Fugitive jeweller Nirav Modi arrested in London on India’s extradition request, denied bail
Nirav Modi Arrest on PNB Fraud Case: A top court in the UK had issued a warrant to arrest Nirav Modi on Tuesday, days after British home secretary Sajid Javid certified India’s request to extradite him.
Fugitive Indian diamantaire Nirav Modi was arrested in central London on Tuesday evening and was produced in the Westminster magistrates court, where the court refused him bail.
Nirav Modi, 48, is the subject of an extradition request by India, where he is accused of major financial irregularities running into thousands of crores linked to the Punjab National Bank. News agency PTI reported that Nirav Modi contested his extradition to India.
“Nirav Deepak Modi, 48 (Date of Birth 24.02.71), was arrested on behalf of the Indian authorities on Tuesday in Holborn. He will appear in custody at Westminster Magistrates’ Court on Wednesday,” the Metropolitan Police said in a statement.
Watch: Opinion I Nirav Modi arrested: Boost for PM Modi’s ‘chowkidar’ campaign?
The extradition case of Nirav Modi is likely to follow a similar pattern of that of controversial businessman Vijay Mallya. The liquor baron’s extradition was ordered by the magistrates court and home secretary Sajid Javid and is now in the appeals court, where a judge will rule whether the appeal will be heard or not.
Nirav Modi continues to figure in Interpol’s wanted list on its website. The charges against him, as provided to the international police organisation by India includes criminal breach of trust by public servant, or by banker merchant or agent, cheating and dishonestly inducing delivery of property, and money laundering.
His Nirav Modi’s arrest by the Scotland Yard triggered the first stage of the legal process for extradition.
Yesterday, a top court in the UK issued a warrant to arrest Nirav Modi, days after British home secretary Sajid Javid certified India’s request to extradite him to face charges of financial irregularities in the ₹13,500-crore PNB fraud case.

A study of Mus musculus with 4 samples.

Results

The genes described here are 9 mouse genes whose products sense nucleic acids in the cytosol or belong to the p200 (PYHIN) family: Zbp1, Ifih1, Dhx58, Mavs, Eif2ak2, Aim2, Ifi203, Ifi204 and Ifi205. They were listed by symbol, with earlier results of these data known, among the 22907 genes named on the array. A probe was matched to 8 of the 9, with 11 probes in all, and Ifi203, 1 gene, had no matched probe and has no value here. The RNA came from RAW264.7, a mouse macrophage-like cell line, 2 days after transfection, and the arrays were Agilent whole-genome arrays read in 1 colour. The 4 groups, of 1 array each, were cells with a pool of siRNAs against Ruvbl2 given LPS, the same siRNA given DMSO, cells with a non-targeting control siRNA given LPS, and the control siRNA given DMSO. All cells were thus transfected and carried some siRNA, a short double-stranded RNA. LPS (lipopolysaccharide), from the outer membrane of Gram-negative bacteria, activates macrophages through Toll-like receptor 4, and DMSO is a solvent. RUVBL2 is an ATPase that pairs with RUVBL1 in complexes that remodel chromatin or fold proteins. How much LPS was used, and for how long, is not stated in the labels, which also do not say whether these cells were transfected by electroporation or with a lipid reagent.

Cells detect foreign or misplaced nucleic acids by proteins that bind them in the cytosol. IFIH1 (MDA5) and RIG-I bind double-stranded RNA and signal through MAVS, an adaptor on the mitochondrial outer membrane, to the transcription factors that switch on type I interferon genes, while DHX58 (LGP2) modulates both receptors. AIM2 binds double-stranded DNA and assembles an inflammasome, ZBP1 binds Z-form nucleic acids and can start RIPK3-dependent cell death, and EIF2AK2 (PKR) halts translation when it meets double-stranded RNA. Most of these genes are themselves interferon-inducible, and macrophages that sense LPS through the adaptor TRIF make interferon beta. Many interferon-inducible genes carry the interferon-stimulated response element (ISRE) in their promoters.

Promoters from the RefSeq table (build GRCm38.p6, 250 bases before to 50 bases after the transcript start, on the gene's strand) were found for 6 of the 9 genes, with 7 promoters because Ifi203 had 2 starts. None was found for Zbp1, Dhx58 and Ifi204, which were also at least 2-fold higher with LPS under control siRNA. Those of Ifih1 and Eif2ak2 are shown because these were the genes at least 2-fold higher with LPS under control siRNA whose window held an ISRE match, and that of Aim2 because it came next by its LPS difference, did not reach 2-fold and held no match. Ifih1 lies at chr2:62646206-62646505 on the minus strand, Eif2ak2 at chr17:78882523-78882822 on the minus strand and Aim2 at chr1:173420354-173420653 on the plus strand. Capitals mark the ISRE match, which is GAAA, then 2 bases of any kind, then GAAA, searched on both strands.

Issuing of the arrest warrant implies that the court is satisfied that there are reasonable grounds for believing that the conduct described in the request is an extradition offence, which includes the requirement for dual criminality.
In the case of Vijay Mallya, India sent the request towards the end 2016. It was certified by the home secretary on February 21, 2017. Mallya was arrested and bailed two months later on April 18, 2017, when his extradition hearings began.
Nirav Modi, whose presence in the UK was confirmed by British authorities in mid-2018, recently figured in a video released by The Daily Telegraph, walking on London streets and responding to queries by its reporters with “No comment.”
He was tracked down to a three-bedroom flat occupying half of a floor in an upscale tower block of luxury apartments, where rent is estimated to be around £17,000 a month, the newspaper reported.
Describing him as a “billionaire diamond tycoon who is India’s most wanted”, the report quoted unnamed government sources saying that he has been given a national insurance number, which is required to work legally in the UK.